But on Tuesday, the Utah Supreme Court reinstated the posthumous declaration of unsolemnized marriage.
The decision turned on whether Vanderwerff's estate was properly served notice of Gardiner's request for the marriage declaration. The Supreme Court ruled Gardiner, now 82, had waived service in her capacity as the estate's personal representative and therefore, it was an error to void the marriage.
According to court documents, Gardiner and Vanderwerff, an Ogden resident who had no children, were in a romantic relationship from about November 2007 until his death at age 78 on April 22, 2010. About a month later, Gardiner filed a petition in 2nd District Court for a judicial declaration of common law marriage.
The next day, Vanderwerff's step-grandson, William Francis, filed a separate probate case and was appointed special administrator of the estate. He also filed an objection to Gardiner's request for the declaration in the marriage case.
Based on the terms of Vanderwerff's will, he had appointed Gardiner as personal representative of the estate, and in August 2010 Francis agreed to his removal as special administrator.
Second District Judge Mark DeCaria held a hearing in the marriage case on Sept. 13, 2010, and granted the marriage declaration. He ruled Gardiner and Vanderwerff had established a common law marriage, dating from Nov. 23, 2007, through their cohabitation, their joining of financial responsibilities, their church activities and their holding themselves out as a married couple to relatives, neighbors, friends and church members.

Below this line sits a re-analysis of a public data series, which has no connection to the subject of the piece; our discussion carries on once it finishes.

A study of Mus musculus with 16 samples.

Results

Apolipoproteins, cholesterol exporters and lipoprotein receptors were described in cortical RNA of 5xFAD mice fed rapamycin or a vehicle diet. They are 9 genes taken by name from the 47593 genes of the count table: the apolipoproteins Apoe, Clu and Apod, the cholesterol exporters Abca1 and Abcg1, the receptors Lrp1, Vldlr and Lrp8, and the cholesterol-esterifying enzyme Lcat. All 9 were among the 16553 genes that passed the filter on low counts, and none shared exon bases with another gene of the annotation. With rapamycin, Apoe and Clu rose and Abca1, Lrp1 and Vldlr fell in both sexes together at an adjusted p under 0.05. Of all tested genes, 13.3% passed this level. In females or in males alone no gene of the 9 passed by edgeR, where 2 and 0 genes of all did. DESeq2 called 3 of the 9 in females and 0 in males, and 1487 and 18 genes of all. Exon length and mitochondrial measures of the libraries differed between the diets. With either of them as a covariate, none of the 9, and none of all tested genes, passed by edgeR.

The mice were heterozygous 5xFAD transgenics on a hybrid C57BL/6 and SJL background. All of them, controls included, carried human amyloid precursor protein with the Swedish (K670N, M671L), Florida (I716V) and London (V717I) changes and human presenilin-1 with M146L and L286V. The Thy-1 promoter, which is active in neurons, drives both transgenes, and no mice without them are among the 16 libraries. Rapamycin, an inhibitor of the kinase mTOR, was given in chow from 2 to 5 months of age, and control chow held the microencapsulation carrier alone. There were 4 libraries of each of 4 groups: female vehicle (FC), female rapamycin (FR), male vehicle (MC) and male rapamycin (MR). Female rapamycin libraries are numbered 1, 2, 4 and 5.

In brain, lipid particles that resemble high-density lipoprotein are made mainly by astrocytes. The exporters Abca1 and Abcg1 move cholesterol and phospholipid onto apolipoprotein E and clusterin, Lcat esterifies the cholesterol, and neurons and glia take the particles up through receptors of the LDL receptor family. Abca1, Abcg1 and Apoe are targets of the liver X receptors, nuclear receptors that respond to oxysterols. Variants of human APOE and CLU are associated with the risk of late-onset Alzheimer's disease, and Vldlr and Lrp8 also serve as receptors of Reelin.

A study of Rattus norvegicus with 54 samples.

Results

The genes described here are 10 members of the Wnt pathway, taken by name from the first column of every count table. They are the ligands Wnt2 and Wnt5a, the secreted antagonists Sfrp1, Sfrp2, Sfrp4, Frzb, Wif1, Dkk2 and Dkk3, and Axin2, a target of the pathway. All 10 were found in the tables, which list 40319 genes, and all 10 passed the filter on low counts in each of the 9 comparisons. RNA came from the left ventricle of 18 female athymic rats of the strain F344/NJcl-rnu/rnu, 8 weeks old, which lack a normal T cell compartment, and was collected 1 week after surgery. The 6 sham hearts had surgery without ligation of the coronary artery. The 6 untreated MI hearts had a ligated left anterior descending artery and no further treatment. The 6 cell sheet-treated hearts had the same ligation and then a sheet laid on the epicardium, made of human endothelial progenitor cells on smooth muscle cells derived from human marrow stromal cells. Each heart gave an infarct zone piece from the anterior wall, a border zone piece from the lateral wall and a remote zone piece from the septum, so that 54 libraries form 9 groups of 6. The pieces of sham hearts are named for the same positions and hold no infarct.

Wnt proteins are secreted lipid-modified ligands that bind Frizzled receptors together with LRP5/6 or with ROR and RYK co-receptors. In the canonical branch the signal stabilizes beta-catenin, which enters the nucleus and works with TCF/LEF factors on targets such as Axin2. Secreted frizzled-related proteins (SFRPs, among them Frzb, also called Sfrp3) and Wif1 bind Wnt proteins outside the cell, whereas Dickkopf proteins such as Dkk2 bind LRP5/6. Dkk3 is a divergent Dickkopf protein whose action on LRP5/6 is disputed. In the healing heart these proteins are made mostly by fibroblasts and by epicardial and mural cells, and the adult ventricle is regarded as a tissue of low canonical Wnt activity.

No formal notice of the hearing was given to any members of Vanderwerff's family or Francis, who filed a motion two months later to have the declaration set aside.
DeCaria ruled in March 2011 that Francis the grandson of Vanderwerff's first wife had no standing in the case because he was not a biological or adopted relative of the deceased man. Then in August 2011, four cousins of Vanderwerff filed their own motion to throw out the declaration.
In March 2012, DeCaria signed an order setting aside the marriage declaration. The next month, he dismissed the case entirely based on Gardiner's alleged failure to serve process within 120 days of filing her marriage petition in 2010.
Gardiner appealed and the Supreme Court justices unanimously sided with her.
Associate Chief Justice Ronald Nehring, writing for the court, said DeCaria's order was based entirely on "the erroneous legal conclusion that Ms. Gardiner had failed to serve Mr. Vanderwerff's estate."
"A petition for a marriage declaration ordinarily must be served on the putative spouse in this case, Mr. Vanderwerff," Nehring wrote. "Unfortunately, Mr. Vanderwerff was already deceased when Ms. Gardiner petitioned to have their relationship declared a marriage. Courts cannot exercise personal jurisdiction over individuals who have died."
Instead, the decision says, the estate's personal representative must be served and, in this case Gardiner, the personal representative, waived service.